Just moments after Sunday’s thrilling finale at the Critérium du Dauphiné, Sky’s Chris Froome turned to a pack of journalists and singled out Richie Porte as the favorite to win the 2017 Tour de France.
Perhaps the three-time Tour winner was trying to put additional pressure on his former teammate. The BMC Racing captain has emerged as one of Sky’s most dangerous rivals heading into next month’s Tour.
BMC Racing officials, however, don’t want to carry that burden or additional stress heading into the season’s top grand tour battle.
“I would not say we are the favorites,” said BMC Racing manager Jim Ochowicz. When asked if Porte is ready to win the Tour, he said, “That’s a big mouthful. I would never guarantee anything like that.”
That was Ochowicz being diplomatic. Of course, BMC believes Porte is ready and able to challenge Froome, aiming for the top step of the podium at the Tour next month.
Porte, 32, has yet to reach a Tour podium. His fifth-place finish last year and a successful, consistent spring campaign put the Tasmanian first in line when it comes to taking on Froome. This is all despite hiccups in the Dauphiné’s final stage Sunday.
Ochowicz said BMC Racing’s experience and depth should give Porte an extra edge to go the distance at the Tour.
“Richie is ready to race the Tour start to finish,” Ochowicz continued. “He’ll have a good team behind him, he’ll have all the tools necessary to do the race 100 percent. Is he ready to potentially win the Tour? Yes. In the end, it’s up to the athlete. Everything’s been done right to get to this point up to now, and he’s in great condition.”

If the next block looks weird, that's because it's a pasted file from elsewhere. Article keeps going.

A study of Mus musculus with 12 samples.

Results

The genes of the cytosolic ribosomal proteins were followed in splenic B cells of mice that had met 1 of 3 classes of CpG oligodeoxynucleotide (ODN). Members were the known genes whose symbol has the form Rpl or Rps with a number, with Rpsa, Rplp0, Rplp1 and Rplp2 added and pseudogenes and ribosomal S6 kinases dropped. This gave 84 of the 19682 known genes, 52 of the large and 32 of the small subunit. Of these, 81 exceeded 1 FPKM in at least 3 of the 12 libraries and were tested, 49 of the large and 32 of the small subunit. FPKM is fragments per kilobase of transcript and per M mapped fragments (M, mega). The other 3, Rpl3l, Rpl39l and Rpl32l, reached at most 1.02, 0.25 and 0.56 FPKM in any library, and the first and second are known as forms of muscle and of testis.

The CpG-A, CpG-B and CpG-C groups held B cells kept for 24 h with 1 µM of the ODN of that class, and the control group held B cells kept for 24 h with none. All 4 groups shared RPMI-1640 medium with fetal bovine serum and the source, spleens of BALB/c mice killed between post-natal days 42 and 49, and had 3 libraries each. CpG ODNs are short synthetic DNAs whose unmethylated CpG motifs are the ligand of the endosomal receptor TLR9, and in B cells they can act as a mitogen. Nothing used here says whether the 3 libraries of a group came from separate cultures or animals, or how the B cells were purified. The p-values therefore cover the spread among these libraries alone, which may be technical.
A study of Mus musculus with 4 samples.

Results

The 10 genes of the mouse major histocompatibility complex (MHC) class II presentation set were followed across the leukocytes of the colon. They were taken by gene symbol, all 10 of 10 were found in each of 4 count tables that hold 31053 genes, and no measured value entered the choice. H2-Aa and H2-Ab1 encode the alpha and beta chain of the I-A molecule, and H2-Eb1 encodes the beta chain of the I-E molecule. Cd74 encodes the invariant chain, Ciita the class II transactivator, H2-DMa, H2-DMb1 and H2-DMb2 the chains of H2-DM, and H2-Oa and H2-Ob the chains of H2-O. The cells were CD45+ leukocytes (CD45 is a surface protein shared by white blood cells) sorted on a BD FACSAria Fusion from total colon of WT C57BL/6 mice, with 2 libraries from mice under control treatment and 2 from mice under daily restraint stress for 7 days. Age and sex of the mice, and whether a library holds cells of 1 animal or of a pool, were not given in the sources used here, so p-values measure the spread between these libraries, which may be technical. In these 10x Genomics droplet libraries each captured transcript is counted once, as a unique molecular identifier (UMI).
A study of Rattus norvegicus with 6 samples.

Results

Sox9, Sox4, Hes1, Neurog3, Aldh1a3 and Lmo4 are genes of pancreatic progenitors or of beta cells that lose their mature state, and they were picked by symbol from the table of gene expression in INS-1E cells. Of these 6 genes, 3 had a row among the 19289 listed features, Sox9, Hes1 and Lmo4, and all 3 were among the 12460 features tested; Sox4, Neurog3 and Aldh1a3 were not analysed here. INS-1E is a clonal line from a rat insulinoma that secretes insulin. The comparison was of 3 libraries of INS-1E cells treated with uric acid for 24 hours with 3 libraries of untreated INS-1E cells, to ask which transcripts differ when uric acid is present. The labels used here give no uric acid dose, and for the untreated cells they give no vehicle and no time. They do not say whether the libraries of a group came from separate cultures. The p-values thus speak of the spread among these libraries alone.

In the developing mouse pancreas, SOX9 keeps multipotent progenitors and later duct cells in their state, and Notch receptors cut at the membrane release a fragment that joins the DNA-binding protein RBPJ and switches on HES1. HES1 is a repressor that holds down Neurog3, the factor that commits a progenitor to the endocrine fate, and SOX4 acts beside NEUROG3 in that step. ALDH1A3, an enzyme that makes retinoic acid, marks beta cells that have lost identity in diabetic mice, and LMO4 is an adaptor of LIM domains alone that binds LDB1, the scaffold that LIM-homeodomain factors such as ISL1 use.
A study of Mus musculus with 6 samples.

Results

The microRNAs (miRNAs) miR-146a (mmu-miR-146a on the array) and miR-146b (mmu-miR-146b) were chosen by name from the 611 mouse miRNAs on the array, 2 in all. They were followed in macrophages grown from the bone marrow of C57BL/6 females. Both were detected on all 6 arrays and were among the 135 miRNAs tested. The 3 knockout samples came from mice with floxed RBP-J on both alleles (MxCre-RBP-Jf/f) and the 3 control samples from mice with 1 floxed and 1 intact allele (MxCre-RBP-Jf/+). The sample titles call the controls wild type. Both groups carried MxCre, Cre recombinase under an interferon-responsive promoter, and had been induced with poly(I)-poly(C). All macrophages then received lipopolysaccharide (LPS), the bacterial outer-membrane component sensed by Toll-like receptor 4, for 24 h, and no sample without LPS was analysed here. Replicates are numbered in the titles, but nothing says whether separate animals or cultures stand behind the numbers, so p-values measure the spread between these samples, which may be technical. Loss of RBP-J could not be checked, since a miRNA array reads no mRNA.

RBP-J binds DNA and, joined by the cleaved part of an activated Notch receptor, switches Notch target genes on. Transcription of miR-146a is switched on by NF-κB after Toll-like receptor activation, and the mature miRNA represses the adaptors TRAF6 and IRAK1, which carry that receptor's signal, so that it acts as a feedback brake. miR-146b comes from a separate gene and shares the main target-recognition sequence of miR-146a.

Of the teams lining up in Düsseldorf, BMC Racing is one of the few with recent experience winning the Tour de France. Before Team Sky emerged as the top Tour team in 2012 with Bradley Wiggins and later Froome, BMC Racing won the Tour with Cadel Evans in 2011. Astana’s Vincenzo Nibali won yellow in 2014, but Nibali — now at Bahrain-Merida — isn’t expected to race the Tour. Astana will bring improving prospects Fabio Aru and Critérium du Dauphiné winner Jakob Fuglsang.
Alberto Contador, the only other former Tour winner besides Froome likely to start, last officially won in 2009. He joined Trek-Segafredo at the start of 2017.
“We know what it takes to win the Tour. We’ve done it before with Cadel,” Ochowicz said. “There are not a lot of teams that have even won a grand tour before.”
Ochowicz said BMC Racing’s Tour de France nine-rider selection will be made following the Tour de Suisse, which concludes Sunday.
Another key to Porte’s chances will be how he and the team manage the inevitable setbacks that come in any Tour.
Last year, Porte battled back from an ill-timed puncture with about 5km to go in stage 2, losing him valuable time against his GC rivals that might have cost him a podium spot in Paris. And then he tangled up in the infamous “Froome Run” episode on the slopes of Mont Ventoux.
Each time, Porte kept pushing forward, something Ochowicz says was an important lesson for any grand tour.
“It never goes as smooth as it should all the time,” he said. “No one is not going to have a bad day. Just like [Sunweb’s Tom] Dumoulin at the Giro. He had to stop and lost two minutes. That certainly wasn’t scripted. You have to get past those points if you want to do what he just did at the Giro. Things happen, and you just gotta move on, make adjustments, and refocus on every single day.”